Periods in the Workplace
Have you needed to take time off work due to period pain?
If so, then you’re not on your own. In a study of 32,748 Dutch women between the ages of 15 and 45, around one in seven respondents (just under 14%) said they had taken time off work or school during their period.
For some of the participants, this was a regular occurrence as 3.5% of women commented that this happened during every, or nearly every, menstrual cycle.
Whether women should have time off work for period pains or heavy bleeding has been an ongoing debate.
Some advocate for extra leave for period pain on a monthly basis, while others argue that this would only widen the gender pay gap, provide fewer job opportunities for women, and fuel sexism.
Taking time off work allows women to take care of themselves during the most uncomfortable times of their period, without needing to use any of their annual leave.
Taking time off when experiencing period pain can be beneficial to the company, as some women will find it harder to carry out their responsibilities as effectively if they are in pain, just as any man or woman would if they were experiencing pain.
If menstrual leave was given to working women then it would ease conversations around periods, normalise them, and remove some stigmas.
Having these discussions around periods in the workplace helps to put the topic on the political agenda, forcing people to consider the options. It also has an impact on addressing other concerns such as period poverty and the tampon tax.
A worry for some women is that they may be less likely to be hired if an employer thinks they may take too much time off work for their periods. Some women already feel disadvantaged when applying for a job, as prospective employers may be considering whether they might take time off for pregnancy-related issues, and then maternity leave.
If menstrual leave was to come into effect there may be a need to address those who have pain and health concerns due to pregnancy, perimenopause, menopause, and irregular periods.
Some women who experience irregular periods may get 2 bleeds per month, or nothing for a few months. Women may worry that their employer will think they are inconsistent when asking for time off.
It could highlight differences and cause embarrassment for women who, for whatever reason, do not have periods. Colleagues may ask questions such as, ‘why don’t you take time off for your period?’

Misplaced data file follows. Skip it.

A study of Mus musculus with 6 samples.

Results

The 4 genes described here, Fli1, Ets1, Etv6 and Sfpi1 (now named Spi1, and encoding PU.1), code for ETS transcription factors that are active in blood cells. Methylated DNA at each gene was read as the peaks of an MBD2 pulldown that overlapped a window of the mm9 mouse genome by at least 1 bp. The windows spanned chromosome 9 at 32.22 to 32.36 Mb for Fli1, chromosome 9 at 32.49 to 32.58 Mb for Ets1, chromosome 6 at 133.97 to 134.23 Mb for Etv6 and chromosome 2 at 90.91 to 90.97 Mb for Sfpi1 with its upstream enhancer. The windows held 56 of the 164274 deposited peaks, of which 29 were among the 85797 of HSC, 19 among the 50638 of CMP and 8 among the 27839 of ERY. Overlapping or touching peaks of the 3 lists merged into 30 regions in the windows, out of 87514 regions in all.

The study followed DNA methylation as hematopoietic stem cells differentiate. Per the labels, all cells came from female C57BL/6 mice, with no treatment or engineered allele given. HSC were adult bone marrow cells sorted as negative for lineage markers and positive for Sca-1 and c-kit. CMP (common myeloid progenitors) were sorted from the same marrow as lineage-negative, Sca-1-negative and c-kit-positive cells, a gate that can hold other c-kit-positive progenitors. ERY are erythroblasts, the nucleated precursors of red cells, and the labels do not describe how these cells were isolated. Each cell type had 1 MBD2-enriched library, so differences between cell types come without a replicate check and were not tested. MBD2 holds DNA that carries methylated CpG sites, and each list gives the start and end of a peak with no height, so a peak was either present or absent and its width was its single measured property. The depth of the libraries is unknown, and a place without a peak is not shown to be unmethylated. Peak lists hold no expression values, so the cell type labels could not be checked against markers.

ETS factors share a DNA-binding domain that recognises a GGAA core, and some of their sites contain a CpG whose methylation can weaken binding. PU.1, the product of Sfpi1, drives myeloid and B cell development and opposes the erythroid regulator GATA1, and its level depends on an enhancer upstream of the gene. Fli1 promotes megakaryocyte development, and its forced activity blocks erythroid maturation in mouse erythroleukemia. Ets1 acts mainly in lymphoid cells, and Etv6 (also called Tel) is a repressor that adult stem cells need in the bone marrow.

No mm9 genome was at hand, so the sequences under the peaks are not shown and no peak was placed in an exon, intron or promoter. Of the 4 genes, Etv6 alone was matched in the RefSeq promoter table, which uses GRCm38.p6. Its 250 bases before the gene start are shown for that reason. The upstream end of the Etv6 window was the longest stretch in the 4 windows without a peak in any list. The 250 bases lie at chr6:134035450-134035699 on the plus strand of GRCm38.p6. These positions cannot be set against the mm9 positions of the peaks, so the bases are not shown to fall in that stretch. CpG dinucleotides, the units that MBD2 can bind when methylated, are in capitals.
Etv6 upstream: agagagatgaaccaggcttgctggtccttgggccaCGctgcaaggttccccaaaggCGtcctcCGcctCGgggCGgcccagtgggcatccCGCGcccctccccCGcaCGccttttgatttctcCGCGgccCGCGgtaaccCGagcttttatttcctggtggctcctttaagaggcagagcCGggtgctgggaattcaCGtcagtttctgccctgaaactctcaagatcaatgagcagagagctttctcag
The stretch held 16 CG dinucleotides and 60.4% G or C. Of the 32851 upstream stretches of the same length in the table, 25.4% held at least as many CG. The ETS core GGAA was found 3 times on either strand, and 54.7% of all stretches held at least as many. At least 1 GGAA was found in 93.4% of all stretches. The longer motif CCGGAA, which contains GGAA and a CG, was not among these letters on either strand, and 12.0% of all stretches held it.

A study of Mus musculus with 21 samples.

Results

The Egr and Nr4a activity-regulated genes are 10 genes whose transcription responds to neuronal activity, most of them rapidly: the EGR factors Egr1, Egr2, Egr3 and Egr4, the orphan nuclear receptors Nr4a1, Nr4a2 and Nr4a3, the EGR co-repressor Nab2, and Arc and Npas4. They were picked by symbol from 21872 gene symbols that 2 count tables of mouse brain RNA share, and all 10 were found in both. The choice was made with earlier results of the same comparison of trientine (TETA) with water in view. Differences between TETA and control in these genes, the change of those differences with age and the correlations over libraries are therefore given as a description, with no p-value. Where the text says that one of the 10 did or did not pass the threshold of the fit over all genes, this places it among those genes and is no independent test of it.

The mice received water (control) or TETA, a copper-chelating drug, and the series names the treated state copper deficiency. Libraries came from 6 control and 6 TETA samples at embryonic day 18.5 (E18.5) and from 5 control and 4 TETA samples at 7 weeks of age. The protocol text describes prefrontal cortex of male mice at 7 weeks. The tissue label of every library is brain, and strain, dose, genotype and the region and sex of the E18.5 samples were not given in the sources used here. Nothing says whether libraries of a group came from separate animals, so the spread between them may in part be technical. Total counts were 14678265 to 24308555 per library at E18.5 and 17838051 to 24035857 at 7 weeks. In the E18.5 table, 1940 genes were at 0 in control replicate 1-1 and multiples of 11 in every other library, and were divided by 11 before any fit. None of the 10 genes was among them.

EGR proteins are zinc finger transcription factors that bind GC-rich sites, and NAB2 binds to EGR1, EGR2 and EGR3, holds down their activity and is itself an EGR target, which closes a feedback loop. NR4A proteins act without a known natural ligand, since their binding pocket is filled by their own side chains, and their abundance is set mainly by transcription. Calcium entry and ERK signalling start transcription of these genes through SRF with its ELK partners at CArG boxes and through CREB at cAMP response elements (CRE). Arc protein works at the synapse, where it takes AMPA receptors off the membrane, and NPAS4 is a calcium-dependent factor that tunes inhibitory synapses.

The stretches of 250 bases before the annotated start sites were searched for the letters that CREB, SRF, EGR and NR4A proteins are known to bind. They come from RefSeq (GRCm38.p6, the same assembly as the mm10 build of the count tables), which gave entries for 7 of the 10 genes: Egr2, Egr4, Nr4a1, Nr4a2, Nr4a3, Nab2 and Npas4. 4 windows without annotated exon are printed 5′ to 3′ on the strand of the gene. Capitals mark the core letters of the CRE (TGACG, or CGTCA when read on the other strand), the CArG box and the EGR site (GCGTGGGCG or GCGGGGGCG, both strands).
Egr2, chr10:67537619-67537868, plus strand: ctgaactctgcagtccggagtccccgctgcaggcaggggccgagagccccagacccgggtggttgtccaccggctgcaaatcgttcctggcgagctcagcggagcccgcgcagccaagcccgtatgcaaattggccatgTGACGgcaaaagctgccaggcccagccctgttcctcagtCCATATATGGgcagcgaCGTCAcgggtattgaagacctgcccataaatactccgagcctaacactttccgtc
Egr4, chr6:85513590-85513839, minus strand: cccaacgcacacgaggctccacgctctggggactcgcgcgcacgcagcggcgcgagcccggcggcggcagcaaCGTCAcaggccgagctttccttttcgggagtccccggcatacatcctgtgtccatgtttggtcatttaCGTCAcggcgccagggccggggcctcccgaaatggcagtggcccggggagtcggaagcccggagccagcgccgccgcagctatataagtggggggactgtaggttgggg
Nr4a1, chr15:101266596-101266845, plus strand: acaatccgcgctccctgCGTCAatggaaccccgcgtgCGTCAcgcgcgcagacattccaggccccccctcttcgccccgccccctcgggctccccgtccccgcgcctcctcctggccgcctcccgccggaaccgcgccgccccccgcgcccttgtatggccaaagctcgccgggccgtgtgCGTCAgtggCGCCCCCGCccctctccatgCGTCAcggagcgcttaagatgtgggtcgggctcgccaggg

Women may take advantage of sick days for period pain, causing additional pressure on others.
Menstrual Leave in Other Countries
Since 1947, Japan’s labour standard law has allowed women menstrual leave. It is believed that the law originated from the thought that women needed to rest during their periods, so as not to cause a problem with their fertility.
In Indonesia, women are entitled to two days off for menstrual leave and in Taiwan women are offered 3 days of menstrual leave.
In South Korea, since 2001, women may take one day off a month, however, this day is unpaid. If women do not use their one day of period leave then they will be given additional pay.
It’s reported that although women in Asia are being offered menstrual leave, few are claiming it as…
- Women feel guilty about taking time off
- The pressure it places on work colleagues
- Difficulty in covering the position
- Worry of what colleagues and employers may say
Did you know.. A football app start-up in Gothenburg is set to become the first business in Sweden to be certified as menstruation-friendly. But how much do employees really want to talk about their periods? There is an interesting article over at BBC. Worth a read.
How To Tell Your Boss You Need Time off Work For Period Pain
It can be difficult to tell your boss, male or female, you need time off for period pain or heavy bleeding. The thought of it can be uncomfortable and embarrassing.
The good news is that you don’t need to go into detail about why you need the time off. As long as they’re aware that you’re on sick leave, and you follow your company’s policies on leave, you should be fine
Managing Periods At Work
Perhaps you don’t want to, or are unable to, take time off work, but the thought of sitting at your desk or on your feet all day is making you feel worse, then these tips will help you get through your day...
- Work from home, this way you can keep on top of your workload, doesn’t use any of your annual leave, and still get paid
- Ask a colleague to swap work duties
- Take a hot water bottle to work, our WUKA bottles fit securely around your waist
- Keep some painkillers in your draw or locker
- Wear comfy clothes
- Make sure you have enough period products with you. With WUKA Heavy pant, you can be sure you’ll stay leak-free for up to 8 hours
- Carry healthy snacks and water with you to refuel - dark chocolate is a good option
- Take regular breaks to walk around
- Find a quiet room and practise these yoga stretches
- Exercising before or after work may help to relieve your aches
There is a clear debate for and against women being entitled to menstrual leave in the workplace.
In some Asian countries, menstrual leave is already in place. However, some women feel awkward about taking it due to how others may view them or being a burden on work colleagues.
It can be difficult asking for time off when you know it’s due to period pain, but if you need to go home and take care of yourself, then do. Your health is a priority.
Being practically prepared can help you through your day at work whilst on your period. Be sure to wear your WUKA and pack some chocolate.